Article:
New York electric power revolution leading the nation to a new energy era

The Energy Times recently had several conversations with Audrey Zibelman, chair of the New York Public Service Commission, and a principal architect of the state’s far-reaching energy regulatory reforms. This is the first of a three-part series based on those conversations, edited for style and length.

NEXT UP:

Building the REVolutionary Platform

Navigating the Risks

ENERGY TIMES: New York has embraced a new set of regulatory principles under its REV – Reforming the Energy Vision – program. What is the overarching goal?

ZIBELMAN: The whole point of REV is to find opportunities for utilities to drive value to customers in the form of reduced costs and reduced bills by using distributed energy. We need to always remember that it is about the customer.  We don't want people leaving the grid because the regulatory model doesn't work for today's environment. 

ENERGY TIMES: The New York commission issued a landmark decision on May 19th restructuring utilities. Is it in effect now? 

 

Audrey Zibelman

 

ZIBELMAN: Yes, it went into effect immediately.  Obviously, a number of the implementations and changes will occur over time both in and outside of rate cases.

ENERGY TIMES: What will be the first changes that commercial, industrial, and residential customers see? 

ZIBELMAN: People are starting to see the benefits of it because of the demonstrations projects by utilities now underway. Secondarily, we are continuing to look at filings and proposals by the utilities to address or promote ideas and opportunities that benefit customers.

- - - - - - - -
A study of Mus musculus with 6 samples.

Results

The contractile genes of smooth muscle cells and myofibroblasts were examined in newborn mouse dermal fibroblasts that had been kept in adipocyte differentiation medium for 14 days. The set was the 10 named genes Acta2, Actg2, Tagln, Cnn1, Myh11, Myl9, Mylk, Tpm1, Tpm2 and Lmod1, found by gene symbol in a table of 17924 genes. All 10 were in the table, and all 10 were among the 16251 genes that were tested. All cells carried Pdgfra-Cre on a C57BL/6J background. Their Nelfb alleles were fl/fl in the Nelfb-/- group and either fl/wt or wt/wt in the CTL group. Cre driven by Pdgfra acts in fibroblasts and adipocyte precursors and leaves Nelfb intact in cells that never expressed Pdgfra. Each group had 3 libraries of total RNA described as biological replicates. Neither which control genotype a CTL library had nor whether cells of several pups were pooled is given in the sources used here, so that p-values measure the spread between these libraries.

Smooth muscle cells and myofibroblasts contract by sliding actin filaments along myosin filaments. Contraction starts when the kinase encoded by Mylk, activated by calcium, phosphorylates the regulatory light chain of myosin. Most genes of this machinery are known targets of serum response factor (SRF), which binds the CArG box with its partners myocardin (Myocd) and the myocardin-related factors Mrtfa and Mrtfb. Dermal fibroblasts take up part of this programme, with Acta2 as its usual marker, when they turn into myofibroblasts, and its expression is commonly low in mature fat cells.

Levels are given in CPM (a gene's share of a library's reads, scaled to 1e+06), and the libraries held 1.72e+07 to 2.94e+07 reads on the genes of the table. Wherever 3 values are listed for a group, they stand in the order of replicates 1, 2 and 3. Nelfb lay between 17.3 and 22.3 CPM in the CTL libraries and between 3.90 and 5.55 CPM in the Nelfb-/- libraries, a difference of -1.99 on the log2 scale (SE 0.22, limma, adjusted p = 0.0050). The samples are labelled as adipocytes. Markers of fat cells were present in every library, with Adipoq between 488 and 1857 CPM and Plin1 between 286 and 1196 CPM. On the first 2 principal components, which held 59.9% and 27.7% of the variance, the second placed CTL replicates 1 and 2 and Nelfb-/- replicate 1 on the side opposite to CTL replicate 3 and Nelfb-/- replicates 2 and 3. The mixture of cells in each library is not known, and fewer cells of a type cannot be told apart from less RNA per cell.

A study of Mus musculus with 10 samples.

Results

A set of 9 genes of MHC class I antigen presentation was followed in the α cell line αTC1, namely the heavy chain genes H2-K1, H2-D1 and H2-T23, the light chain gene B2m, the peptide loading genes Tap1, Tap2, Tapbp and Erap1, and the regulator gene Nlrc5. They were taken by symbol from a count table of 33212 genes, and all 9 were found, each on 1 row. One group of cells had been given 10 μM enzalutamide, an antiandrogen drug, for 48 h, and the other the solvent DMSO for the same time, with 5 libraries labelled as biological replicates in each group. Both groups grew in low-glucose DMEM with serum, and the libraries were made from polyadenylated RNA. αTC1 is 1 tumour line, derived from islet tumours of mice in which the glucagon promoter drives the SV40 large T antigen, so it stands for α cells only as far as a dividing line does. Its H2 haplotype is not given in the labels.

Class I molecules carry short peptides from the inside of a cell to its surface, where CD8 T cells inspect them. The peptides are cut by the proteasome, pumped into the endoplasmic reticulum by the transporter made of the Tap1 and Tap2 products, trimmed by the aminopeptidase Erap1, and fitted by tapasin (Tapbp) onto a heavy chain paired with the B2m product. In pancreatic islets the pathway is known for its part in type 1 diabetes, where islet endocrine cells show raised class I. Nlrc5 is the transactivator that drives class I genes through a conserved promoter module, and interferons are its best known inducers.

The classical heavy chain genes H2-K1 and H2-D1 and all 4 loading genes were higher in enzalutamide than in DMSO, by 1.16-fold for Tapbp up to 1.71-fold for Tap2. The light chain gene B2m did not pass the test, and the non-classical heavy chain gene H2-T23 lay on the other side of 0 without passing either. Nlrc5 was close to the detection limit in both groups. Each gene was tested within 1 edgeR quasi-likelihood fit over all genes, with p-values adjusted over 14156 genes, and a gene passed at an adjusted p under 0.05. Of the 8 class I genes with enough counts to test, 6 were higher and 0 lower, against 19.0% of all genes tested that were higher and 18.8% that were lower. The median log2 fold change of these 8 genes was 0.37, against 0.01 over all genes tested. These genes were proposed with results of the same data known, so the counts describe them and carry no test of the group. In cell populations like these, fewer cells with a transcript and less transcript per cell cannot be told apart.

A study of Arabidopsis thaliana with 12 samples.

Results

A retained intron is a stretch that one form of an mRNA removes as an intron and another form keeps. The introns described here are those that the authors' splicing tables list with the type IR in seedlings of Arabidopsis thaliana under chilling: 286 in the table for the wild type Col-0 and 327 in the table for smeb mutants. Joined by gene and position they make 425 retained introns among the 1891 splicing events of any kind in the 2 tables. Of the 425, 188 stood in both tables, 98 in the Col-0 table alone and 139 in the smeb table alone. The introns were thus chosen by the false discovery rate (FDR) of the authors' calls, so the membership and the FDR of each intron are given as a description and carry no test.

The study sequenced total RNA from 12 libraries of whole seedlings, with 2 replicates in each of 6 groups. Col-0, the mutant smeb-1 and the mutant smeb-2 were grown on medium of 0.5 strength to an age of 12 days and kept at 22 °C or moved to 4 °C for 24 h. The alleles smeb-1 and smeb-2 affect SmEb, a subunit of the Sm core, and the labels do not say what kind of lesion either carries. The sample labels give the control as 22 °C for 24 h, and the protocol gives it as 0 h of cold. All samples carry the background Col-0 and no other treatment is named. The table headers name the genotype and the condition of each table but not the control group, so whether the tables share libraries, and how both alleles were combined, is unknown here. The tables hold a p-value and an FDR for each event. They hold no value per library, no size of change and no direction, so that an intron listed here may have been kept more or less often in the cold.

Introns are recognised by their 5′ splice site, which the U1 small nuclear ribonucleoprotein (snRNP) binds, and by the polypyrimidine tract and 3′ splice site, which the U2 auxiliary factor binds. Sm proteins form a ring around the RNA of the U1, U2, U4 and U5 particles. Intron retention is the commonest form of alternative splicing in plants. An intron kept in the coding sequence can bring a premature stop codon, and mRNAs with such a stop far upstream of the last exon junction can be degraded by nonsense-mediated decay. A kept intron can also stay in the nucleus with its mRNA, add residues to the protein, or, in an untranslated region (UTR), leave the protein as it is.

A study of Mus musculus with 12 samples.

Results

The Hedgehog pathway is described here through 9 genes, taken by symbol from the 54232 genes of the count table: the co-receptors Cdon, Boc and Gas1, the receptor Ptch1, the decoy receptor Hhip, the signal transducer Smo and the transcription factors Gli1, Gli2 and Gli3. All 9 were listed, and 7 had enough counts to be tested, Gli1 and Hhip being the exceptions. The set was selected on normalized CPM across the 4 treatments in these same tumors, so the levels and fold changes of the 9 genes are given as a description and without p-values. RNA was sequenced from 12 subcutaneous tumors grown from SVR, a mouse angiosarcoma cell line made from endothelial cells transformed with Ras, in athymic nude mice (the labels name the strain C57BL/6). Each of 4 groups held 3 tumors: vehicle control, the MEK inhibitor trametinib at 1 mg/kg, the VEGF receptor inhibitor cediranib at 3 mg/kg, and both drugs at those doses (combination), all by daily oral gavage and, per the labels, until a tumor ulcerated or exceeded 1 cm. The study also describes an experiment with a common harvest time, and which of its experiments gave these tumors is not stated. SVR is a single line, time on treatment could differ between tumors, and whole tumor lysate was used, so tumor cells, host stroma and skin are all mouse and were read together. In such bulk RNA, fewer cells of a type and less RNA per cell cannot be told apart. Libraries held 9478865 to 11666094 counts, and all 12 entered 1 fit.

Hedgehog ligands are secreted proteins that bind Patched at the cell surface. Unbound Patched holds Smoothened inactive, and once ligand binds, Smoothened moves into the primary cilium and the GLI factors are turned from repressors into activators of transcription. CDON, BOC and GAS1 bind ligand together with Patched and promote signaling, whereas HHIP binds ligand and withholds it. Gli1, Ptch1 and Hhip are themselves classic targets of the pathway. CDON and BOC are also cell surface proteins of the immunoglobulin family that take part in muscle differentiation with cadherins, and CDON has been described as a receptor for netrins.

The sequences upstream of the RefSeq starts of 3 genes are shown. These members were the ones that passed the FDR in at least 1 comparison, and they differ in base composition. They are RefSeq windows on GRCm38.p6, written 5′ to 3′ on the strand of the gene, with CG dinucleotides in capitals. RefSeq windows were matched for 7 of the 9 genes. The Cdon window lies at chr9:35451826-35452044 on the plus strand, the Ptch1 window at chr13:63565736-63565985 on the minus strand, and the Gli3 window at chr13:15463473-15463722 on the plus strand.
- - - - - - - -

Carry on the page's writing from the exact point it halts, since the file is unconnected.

ENERGY TIMES: Utilities can still make money the old-fashioned way, making large investments and getting them into rate bases.  Is that correct?

ZIBELMAN: Yes. Utilities will continue to invest capital in their system. Alongside of those recurrent investments, there are opportunities for utilities to look for ways to leverage the value of that investment for customers. In addition, they can reduce the size of the capital spends and have further revenues that substitute for what they would have ordinarily done.  What I hope the order made clear is that investment in enabling distributed energy resources can be treated as a regulatory asset, added to the rate base, and recovered in a traditional way.  There are alternatives that utilities previously would have shied away from because they provided no earnings opportunities.  We are looking to provide earnings opportunities that are both equivalent to and in some ways maybe higher quality than traditional earnings.